SUBJECT: New research from Memorial University suggests benefits of eating during labour

DATE: Dec. 18

Researchers from the Faculty of Medicine at Memorial University recently presented findings at a conference that suggest most women can skip fasting and would actually benefit from eating a light meal during labour.

The team is comprised of Dr. Michael Bautista, associate professor of anesthesiology; Dr. Andrew Major, assistant professor of anesthesiology; medical students Erin Sproul and Chris Harty; and librarian Alison Farrell. They attended the recent 2015 American Society of Anesthesiologists annual meeting in San Diego, Calif., where their findings about eating during labour were met with significant interest.

 Traditionally, pregnant women have been instructed to avoid eating or drinking during labour as they could potentially inhale foods or liquids into their lungs during an emergency general aesthetic, which can cause pneumonia. Research conducted by the team, however, determined that the risk of this is greatly lowered.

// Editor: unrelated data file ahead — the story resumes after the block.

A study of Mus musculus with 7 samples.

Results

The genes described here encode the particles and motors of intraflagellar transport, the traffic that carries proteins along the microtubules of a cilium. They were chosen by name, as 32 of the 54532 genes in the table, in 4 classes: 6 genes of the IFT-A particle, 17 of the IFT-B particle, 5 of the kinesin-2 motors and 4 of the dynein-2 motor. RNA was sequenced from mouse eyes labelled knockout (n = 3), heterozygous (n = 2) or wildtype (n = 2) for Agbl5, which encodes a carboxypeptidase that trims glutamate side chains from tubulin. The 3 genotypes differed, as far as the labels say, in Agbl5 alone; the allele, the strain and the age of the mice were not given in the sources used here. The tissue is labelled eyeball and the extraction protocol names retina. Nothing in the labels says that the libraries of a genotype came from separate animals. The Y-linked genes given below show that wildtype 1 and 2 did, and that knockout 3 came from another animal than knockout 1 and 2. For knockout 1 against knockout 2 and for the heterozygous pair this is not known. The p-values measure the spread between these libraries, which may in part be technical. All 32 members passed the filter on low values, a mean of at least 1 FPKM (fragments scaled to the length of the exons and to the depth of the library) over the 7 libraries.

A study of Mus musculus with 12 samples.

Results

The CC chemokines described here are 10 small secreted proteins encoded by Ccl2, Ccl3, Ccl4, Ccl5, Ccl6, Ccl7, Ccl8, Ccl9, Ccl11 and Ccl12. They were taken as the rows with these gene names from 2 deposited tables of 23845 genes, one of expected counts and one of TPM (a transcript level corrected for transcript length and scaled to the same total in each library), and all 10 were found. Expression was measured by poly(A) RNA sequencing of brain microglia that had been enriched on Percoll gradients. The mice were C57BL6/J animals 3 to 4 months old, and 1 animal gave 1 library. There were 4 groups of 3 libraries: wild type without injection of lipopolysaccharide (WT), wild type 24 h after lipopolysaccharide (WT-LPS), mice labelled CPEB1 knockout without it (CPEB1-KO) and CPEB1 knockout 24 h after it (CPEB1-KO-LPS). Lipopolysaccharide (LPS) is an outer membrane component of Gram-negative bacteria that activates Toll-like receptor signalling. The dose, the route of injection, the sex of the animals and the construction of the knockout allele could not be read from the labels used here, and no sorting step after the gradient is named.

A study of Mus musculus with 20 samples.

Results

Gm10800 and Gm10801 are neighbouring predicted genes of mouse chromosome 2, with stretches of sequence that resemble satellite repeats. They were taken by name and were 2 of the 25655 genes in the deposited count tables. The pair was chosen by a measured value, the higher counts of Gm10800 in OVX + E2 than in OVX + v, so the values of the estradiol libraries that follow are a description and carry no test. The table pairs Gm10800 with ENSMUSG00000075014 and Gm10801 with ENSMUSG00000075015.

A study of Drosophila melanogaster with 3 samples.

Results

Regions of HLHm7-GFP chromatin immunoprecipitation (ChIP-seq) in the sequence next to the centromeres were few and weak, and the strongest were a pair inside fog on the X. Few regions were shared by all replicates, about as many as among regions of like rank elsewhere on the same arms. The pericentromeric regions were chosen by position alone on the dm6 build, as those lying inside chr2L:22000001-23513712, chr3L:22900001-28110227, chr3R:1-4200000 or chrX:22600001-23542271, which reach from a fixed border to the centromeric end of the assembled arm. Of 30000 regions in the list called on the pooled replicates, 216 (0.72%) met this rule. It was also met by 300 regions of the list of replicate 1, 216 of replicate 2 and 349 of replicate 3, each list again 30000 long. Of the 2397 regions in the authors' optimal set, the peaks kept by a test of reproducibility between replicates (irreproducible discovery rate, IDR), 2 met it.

“Things have changed over the last number of years and, through improved anaesthesia, we now believe that most healthy women are highly unlikely to have the problem of potential aspiration today, and in fact, the benefits of eating in labour would be better nutrition for the mother and baby,” Dr. Bautista said.

According to the research, labour and delivery is like running a marathon. Receiving calories from intravenous fluids that contain dextrose can induce hypoglycemia in the newborn, so they are not used. Mothers develop the metabolic pattern of someone who is starving, yet running a marathon, so oral calories like high carbohydrate drinks are best when trying to preserve energy levels.

Solid foods are also a potential option, says Dr. Bautista, one which provides more “variety and comfort.”

“For women in the latent phase of labour who can remain that way for hours, or even days, fasting from solid food is extremely challenging, nutritionally and psychologically. Women do eventually lose their appetite in labour, and so it is natural for them to want to eat early in labour, but not when it is well established.”

Dr. Bautista hopes this research will stimulate re-evaluation of the current Canadian practices when it comes to eating during labour.